Five important things to know about vertigo

Everything you ever wanted to know about vertigo, but were too dizzy to ask.

Woman With Vertigo

Do you suffer from frequent dizzy spells? Are you increasingly unsteady on your feet? You may have vertigo, a false sensation of movement that affects more than 40 per cent of people over the age of 40. Vertigo is rarely permanent and the more you know about it, the better you can get your balance back. Here is everything you need to know about this frustrating inner ear condition.

1. There are two types of vertigo
Vertigo is caused by either an inner problem (around 60 per cent of cases) or a brain problem. Peripheral vertigo relates to inner ear problems and can also involve the vestibular nerve, which connects the inner ear to the brain stem. Central vertigo relates to the brain problem and is usually in the brain stem or the cerebellum, which is the part of the brain that controls balance.

2. Some people are more prone to vertigo than others
The connection between the inner ear and the brain gets less efficient as we get older. This means that you become more prone to vertigo as you age. Age isn’t the only factor, though. Some people are more visually dependant than others, meaning they might not feel the motion they are able to see. People that suffer from motion sickness fall into this category, and are more likely to suffer from vertigo as a result.

3. Migraines can cause vertigo
As if a pounding headache that will not let up is not bad enough, it can also bring about sustained spells of vertigo. Vestibular migraines can last anywhere from a few minutes up to a few hours in some cases and may involve light and noise sensitivity. Around one in 10 people who suffer from migraines also suffer from bouts of vertigo as one of their symptoms.

4. Physical therapy can treat some vertigo
The most common form of vertigo is benign paroxysmal positional vertigo (BPPV). BPPV is usually triggered by specific changes in the position of your head. This might occur when you tip your head up or down, when you lie down, or when you turn over or sit up in bed. Our inner-ear organs contain crystals (called otoconia) that move when we do. Sometimes these crystals break down and dislodge from the inner ear and float in the fluid of the inner ear, messing with the ear’s rotation senses when you move. If this is the cause of your vertigo, your doctor or a physiotherapist may be able to help. By manoeuvring and positioning the head it is possible to move particles from one part of the fluid in the inner ear to an open area where they are more easily absorbed and do not cause any trouble.

5. There is no way to prevent vertigo
Vertigo can strike without warning and for no apparent reason. There are a few activities that increase your likelihood of suffering from vertigo, including yoga and pilates, or any activity where your head may be extended for a period of time. You can also try steering clear of jerking head motions that can knock crystals loose in your inner ear, but even then, you cannot stop every instinctive head movement. There are medications available that will help with some cases of vertigo or otherwise you may be able to engage some physical therapy as mentioned above. If your vertigo strikes when you are getting out of bed or standing from a sitting position, it is best to wait a few seconds before you attempt walking to try and let your system regain its balance.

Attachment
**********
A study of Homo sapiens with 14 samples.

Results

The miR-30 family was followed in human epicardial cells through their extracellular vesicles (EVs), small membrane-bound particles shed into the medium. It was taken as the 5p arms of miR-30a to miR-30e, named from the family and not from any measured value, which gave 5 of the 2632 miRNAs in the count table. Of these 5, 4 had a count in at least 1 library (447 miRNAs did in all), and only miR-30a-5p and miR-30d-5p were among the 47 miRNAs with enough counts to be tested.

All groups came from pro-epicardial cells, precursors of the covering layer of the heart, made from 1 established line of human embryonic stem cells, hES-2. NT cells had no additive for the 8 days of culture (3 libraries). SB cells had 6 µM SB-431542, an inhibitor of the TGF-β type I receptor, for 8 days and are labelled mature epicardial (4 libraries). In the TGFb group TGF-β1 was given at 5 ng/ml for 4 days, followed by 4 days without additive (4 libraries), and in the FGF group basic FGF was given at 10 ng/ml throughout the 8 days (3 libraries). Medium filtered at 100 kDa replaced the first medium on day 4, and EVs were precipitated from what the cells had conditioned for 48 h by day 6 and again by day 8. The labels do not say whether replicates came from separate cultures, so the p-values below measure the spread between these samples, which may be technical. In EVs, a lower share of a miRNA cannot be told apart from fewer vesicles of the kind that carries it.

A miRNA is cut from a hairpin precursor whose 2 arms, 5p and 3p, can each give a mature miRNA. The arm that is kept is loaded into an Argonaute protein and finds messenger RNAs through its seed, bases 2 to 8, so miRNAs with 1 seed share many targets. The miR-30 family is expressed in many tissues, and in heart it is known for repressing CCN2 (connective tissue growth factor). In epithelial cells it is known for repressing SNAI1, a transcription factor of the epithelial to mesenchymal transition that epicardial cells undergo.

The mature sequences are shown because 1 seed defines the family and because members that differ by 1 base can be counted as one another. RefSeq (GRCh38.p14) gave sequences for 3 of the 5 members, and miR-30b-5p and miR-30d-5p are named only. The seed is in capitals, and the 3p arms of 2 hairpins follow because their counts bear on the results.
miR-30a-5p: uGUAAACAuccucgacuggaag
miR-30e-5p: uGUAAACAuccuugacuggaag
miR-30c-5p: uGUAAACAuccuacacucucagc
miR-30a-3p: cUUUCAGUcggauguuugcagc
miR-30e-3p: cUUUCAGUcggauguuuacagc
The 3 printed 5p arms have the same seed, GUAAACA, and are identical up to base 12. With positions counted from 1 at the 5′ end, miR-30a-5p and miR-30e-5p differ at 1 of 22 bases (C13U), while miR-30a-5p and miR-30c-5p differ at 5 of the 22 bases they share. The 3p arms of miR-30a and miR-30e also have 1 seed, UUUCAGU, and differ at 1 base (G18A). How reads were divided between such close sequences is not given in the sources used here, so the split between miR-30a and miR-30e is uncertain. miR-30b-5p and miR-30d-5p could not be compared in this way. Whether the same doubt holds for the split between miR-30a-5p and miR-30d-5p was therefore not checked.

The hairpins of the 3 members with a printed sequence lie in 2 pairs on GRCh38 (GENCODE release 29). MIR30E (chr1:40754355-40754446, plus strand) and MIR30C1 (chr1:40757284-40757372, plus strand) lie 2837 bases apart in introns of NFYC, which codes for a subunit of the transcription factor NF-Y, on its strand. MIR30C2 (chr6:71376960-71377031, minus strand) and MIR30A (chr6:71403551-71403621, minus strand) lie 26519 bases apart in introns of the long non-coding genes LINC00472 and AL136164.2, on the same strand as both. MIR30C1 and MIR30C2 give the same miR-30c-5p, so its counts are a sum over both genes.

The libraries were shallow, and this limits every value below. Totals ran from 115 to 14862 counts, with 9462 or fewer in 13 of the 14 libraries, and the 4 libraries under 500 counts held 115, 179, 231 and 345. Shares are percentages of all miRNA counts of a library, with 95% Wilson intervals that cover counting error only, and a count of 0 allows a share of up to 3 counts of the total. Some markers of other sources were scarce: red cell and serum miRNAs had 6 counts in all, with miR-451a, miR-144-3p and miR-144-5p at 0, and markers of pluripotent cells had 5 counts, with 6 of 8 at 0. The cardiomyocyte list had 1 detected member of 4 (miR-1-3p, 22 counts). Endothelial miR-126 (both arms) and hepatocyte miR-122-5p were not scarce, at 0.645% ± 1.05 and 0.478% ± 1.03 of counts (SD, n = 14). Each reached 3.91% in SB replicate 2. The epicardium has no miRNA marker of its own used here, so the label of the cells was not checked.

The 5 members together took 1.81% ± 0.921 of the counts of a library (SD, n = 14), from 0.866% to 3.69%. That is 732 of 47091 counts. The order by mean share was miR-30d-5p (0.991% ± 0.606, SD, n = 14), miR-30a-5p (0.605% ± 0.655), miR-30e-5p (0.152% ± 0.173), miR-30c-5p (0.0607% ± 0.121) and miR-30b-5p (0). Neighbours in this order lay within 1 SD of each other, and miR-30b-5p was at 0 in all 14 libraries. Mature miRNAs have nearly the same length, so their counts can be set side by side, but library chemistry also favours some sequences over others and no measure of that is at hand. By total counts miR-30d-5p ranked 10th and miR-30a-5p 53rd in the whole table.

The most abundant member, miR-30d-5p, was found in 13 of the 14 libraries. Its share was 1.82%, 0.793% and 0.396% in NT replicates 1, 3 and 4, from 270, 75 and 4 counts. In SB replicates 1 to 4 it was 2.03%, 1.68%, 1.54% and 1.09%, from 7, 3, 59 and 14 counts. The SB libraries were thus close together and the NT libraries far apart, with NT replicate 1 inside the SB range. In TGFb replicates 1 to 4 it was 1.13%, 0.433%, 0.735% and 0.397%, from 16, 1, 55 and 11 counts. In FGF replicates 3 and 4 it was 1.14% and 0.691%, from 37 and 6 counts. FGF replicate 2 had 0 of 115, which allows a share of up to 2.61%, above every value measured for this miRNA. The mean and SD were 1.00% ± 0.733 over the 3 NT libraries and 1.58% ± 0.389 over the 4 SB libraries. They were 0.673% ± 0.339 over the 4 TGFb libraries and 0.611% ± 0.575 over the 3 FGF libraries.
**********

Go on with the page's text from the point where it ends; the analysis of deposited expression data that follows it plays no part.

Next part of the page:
26th May 2017
    10:28am
    I suffered for years from BPPV and tried everything until the doctor casually mentioned a local physiotherapist who was experienced in the manoeuvre mentioned above. I was very sceptical. Two visits and I've been vertigo free for more than 2 years. Like magic and I would highly recommend but find a physio who does this regularly and has lots of practice
    ceebee
    26th May 2017
    10:40am
    Describing Vertigo as dizziness is just plain wrong. It is so much more than that, when it strikes me my whole world makes a 90 degree shift. It only occurs (for me) when lying down or standing (still). The most simple solution I have found is a few days of vitamin B..... no hard and fast rules methinks.
    invisible sock
    26th May 2017
    11:14am
    A sore throat can also be a symptom.
    Faye
    26th May 2017
    11:54am
    I also was given an 'exercise' to do but when I have it bad but that exercise was worse than the Vertigo. lol Take Blackmore's Ginkgo Brahmi if I have a bout of it now which is very seldom.
    Ella
    26th May 2017
    2:52pm
    I have had BPPV on and off randomly for many years although i never knew what it was until more recently. It generally lasts for several hours and I'm prety much incapacitated until it passes. I usually lie propped on the bed keeping still until it settles. It's totally unpredictable and usually triggered by turning my head either sitting or lying. I wish I'd known about the physio manoeuvre earler in life.
    B5YCK
    22nd Jun 2017
    11:59am
    If you suffer from BPPV it can be cured in Melbourne and in Sydney.
    My wife was partially helped by a physio but not competely.
    After being treated in PA in Sydney on a OMNIAX machine after 3 treatments she was completely cured.
    There are only 53 of these machines in the world as far as I know and there is one in Sydney as mentioned and there is another one somewhere in Melbourne.
    Anyone suffering fro BPPV should ask their GP to put them in contact with a dizzy clinic in either city.